Afternoon Of A Georgia Faun
Marion Brown alto saxophone, zomari, percussion
Anthony Braxton alto and soprano saxophones, clarinet, contrabass clarinet, Chinese musette, flute, percussion
Bennie Maupin tenor saxophone, alto flute, bass clarinet, acorn, bells, wooden flute, percussion
Chick Corea piano, bells, gong, percussion
Andrew Cyrille percussion
Jeanne Lee voice, percussion
Jack Gregg bass, percussion
Gayle Palmoré voice, piano, percussion
William Green top o’lin, percussion
Billy Malone African drum
Larry Curtis percussion
Recorded August 10, 1970 at Sound Ideas Studio, New York City
Engineer: George Klabin
Produced by Manfred Eicher
Release date: November 15, 1971
A subtle congregation of clicks, pops, breaths, and whistles eases us into this challenging yet rewarding recording from a mobile group of musicians, many of whom—Jeanne Lee, Anthony Braxton, Chick Corea, Bennie Maupin, and Marion Brown himself—are now household names in the avant-garde circuit. Over 35 minutes we are treated to a distilled experience that jumps, flies, and slithers its way through a forest of sounds. The arrangements are heavy on reeds and percussion, with star turns from one severely abused piano and a smattering of aphasic human voices who seem bent on reducing all communication to wit and circumstance. The music is indeterminate and uncompromising and unleashes its full torrent only in the second movement, “Djinji’s Corner.” Slide whistles, snares, and bass join in the cacophony as a voice intones, “Listen to me. Can you hear?”—at last giving us some vocabulary to latch on to as we suffocate under a voracious avalanche.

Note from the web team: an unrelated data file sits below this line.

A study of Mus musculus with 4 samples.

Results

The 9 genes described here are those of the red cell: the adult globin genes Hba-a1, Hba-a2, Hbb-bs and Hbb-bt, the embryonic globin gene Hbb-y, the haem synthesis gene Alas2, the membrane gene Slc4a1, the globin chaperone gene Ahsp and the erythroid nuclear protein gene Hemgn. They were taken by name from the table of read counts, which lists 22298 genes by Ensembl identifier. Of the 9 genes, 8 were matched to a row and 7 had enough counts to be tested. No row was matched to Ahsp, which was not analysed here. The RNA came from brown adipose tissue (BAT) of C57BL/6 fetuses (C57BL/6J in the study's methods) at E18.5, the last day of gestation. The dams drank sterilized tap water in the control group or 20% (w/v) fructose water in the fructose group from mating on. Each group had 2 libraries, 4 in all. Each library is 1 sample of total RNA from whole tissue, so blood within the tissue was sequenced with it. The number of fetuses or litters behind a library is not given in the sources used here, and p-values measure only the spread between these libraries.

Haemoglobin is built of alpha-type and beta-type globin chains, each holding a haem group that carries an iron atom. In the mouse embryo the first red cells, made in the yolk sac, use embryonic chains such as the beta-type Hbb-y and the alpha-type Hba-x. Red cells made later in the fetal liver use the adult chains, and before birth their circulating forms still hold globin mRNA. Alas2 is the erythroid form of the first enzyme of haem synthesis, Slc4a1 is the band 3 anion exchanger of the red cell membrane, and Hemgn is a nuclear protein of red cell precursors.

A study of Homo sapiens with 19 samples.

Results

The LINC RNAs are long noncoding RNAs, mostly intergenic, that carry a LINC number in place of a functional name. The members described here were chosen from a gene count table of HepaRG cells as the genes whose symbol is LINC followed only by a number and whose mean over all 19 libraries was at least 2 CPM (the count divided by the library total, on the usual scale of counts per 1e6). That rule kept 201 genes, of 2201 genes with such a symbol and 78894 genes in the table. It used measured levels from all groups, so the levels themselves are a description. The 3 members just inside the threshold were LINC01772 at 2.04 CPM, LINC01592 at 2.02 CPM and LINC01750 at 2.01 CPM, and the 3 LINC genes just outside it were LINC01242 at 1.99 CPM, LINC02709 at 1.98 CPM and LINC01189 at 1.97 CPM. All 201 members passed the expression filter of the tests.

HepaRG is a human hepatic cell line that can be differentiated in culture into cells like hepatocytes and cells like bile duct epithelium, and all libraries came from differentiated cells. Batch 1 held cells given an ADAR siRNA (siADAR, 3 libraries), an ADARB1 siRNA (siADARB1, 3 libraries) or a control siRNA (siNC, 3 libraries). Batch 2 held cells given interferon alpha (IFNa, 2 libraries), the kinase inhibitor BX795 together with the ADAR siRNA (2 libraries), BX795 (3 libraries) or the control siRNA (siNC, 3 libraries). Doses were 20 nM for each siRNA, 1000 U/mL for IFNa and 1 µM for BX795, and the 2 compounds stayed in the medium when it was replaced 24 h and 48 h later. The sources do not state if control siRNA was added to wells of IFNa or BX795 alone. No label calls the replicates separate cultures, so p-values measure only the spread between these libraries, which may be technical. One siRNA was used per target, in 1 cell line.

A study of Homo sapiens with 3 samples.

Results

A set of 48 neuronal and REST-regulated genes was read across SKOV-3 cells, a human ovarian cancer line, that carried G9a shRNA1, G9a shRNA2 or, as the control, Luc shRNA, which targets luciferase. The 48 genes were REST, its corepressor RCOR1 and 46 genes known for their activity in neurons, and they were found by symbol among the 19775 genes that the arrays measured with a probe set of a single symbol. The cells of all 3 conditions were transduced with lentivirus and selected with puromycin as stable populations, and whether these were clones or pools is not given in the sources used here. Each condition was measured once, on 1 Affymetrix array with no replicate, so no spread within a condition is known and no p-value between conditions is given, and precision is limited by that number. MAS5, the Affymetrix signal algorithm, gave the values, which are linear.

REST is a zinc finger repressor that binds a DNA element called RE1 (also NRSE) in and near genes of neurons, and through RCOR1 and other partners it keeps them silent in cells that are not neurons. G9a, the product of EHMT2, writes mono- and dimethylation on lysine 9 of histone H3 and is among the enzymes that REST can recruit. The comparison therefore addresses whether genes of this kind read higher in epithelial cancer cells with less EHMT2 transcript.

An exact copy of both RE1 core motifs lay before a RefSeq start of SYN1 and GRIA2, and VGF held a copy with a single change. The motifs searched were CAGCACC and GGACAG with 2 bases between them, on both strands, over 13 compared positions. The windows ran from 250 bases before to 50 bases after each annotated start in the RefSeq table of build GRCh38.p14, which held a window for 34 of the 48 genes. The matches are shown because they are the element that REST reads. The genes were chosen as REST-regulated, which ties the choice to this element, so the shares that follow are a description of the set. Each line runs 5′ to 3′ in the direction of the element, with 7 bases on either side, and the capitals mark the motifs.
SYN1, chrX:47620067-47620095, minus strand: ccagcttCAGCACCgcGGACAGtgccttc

Not an album for the faint of heart, Afternoon is indicative of the brave decisions ECM was already making on its fourth release, and on it one begins to hear inklings of the space for which ECM would soon come to be known. It is also meticulously recorded. Every detail comes through (for example, when a percussionist picks up bell and rings it, we clearly hear it being returned to a cloth-dampened surface). Describing the sound of this album is, I imagine, as difficult as it was to lay it down in the studio. The sheer range of implied space is impressive, made all the more so for its organic textures. A masterpiece of free jazz and well worth the chance for the adventurous listener.
Thanks for this overview on one of my all time favorite albums! I always wondered what the issue was with Chick’s piano. It sounds fine on his opening statement, but the sound issues appear deeper into the piece. I wonder if it was the piano or the recording engineer? At times it sounds like an overload issue. Non the less, one of the most important releases in the 1970’s and one of the truly iconic ECM releases.